Here are some sample questions for reflecting on an interaction:
What else did I notice? What does my gut tell me, my feelings, my intuition?
Was there something I think we should come back to?
Do I wish I handled something differently?
Did I seem emotional or reactive to something? What is that?
What did I learn about the other person?
Is there more I want to know about them?
Is a boundary needed here?
My questions are just some questions to get you started. You can ask yourself your own questions when you reflect.
You can also reflect with other people by debriefing. You can do this with someone one on one or you can do it in a group.
In business, a group can reflect together on questions:
What did we do well?
How could we improve?
What did we learn from the experience?
What can we predict about the future based on the experience?
What can’t we predict?
What will make us stronger?
While these questions may sound familiar, I have often seen in business that people do not go to the reflection table often enough. These questions have more value if they are examined often.
The LEAN manufacturing process uses, “The 5 Whys” as a reflection and awareness tool. This form of questioning forces people to get underneath issues and look deeper.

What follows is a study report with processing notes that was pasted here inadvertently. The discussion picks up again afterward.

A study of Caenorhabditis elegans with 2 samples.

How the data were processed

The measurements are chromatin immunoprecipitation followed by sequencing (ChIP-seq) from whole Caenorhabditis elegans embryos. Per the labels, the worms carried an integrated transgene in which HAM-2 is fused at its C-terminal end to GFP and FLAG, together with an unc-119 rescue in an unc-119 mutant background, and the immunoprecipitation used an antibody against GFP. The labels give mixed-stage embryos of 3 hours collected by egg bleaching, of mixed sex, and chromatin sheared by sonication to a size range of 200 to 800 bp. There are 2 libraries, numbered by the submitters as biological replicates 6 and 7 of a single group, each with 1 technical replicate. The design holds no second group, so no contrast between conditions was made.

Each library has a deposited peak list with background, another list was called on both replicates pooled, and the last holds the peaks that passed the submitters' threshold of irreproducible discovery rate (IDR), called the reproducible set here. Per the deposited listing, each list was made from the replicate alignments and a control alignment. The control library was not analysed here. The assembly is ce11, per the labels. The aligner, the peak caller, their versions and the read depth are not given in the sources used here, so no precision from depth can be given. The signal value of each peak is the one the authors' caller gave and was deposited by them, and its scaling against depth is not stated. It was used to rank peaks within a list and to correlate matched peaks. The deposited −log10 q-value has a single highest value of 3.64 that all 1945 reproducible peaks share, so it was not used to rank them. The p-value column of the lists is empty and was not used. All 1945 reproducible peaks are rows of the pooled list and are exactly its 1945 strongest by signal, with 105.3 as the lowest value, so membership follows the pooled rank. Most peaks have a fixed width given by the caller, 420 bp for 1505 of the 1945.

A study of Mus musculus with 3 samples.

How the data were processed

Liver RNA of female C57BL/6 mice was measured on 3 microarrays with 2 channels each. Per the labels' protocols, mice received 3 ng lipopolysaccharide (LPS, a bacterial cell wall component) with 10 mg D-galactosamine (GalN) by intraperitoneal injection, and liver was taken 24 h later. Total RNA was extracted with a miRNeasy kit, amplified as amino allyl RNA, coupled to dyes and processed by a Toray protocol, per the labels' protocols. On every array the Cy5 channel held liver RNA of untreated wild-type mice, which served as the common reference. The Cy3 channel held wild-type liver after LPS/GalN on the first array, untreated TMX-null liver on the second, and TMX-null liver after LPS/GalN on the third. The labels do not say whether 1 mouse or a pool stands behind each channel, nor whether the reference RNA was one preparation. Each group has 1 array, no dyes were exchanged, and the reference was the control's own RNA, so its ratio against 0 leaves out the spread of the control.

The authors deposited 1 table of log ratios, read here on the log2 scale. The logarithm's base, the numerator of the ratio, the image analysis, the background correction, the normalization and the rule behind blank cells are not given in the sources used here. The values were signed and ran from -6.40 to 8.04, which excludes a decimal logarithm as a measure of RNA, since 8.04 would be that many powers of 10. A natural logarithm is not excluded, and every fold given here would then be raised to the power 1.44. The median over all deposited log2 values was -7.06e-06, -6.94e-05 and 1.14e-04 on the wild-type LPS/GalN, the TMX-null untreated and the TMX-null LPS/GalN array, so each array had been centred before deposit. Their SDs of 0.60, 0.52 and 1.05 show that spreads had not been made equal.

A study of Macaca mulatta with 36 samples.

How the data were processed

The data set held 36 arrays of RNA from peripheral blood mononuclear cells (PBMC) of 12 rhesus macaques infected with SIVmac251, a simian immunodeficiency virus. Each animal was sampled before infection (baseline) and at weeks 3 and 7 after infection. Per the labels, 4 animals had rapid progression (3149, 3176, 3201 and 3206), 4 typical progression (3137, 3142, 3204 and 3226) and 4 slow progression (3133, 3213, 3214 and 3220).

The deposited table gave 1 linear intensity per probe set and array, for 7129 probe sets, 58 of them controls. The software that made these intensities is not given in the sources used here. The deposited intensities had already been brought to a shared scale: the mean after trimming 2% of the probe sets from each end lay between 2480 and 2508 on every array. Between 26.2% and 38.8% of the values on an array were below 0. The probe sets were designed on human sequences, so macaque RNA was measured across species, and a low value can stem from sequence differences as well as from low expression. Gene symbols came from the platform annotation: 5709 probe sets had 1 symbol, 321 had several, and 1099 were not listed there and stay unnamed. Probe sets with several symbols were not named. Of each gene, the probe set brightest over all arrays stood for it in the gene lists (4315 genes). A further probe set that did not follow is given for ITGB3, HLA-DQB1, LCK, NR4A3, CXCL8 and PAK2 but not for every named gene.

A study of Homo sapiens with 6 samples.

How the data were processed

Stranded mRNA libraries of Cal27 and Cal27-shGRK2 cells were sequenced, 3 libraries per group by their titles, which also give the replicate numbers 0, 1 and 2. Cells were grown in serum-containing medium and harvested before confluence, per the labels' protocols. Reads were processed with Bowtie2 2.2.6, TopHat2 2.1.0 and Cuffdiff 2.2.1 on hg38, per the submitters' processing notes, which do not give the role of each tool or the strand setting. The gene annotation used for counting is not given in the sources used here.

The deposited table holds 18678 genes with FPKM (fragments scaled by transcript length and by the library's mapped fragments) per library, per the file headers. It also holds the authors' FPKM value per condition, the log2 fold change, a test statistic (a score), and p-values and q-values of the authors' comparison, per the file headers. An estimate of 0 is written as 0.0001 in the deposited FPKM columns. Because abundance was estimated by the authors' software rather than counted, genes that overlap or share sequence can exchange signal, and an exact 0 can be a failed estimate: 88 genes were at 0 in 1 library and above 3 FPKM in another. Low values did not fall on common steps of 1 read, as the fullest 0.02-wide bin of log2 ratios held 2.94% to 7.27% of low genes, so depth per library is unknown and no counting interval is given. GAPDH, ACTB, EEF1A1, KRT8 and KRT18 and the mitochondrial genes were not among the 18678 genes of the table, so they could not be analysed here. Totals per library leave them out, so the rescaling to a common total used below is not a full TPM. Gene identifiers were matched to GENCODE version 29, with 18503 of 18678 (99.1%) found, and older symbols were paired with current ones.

When you reflect with someone one on one, pick someone who will ask good questions.
I have certain people in my life who ask me good questions. I have lunch or coffee meetings with them when I feel stuck or if I feel I could use some insight in handling a situation. I often will ask them, “What would you do in this situation?” I have gained some useful awareness with this question.
To me, the heart of self-awareness is found in a lifelong process. It is about staying in a conversation with yourself and others. It involves asking questions to probe below the surface of things. You carve who you want to be out of your interactions, your challenges, and then push yourself to grow.
Back to our original question in the boundary workshop: He asked an essentialquestion.
You can’t really improve or know where your boundaries are without self-awareness. Boundaries come from the inside. Self- awareness comes from the inside. Asking yourself where you need a boundary is a self-awareness question.
If you want to become more self-aware, ask yourself specific questions as part of a daily process.
Decide what the important questions are for you.
Listen for your answers.
What you do with that awareness is the next step.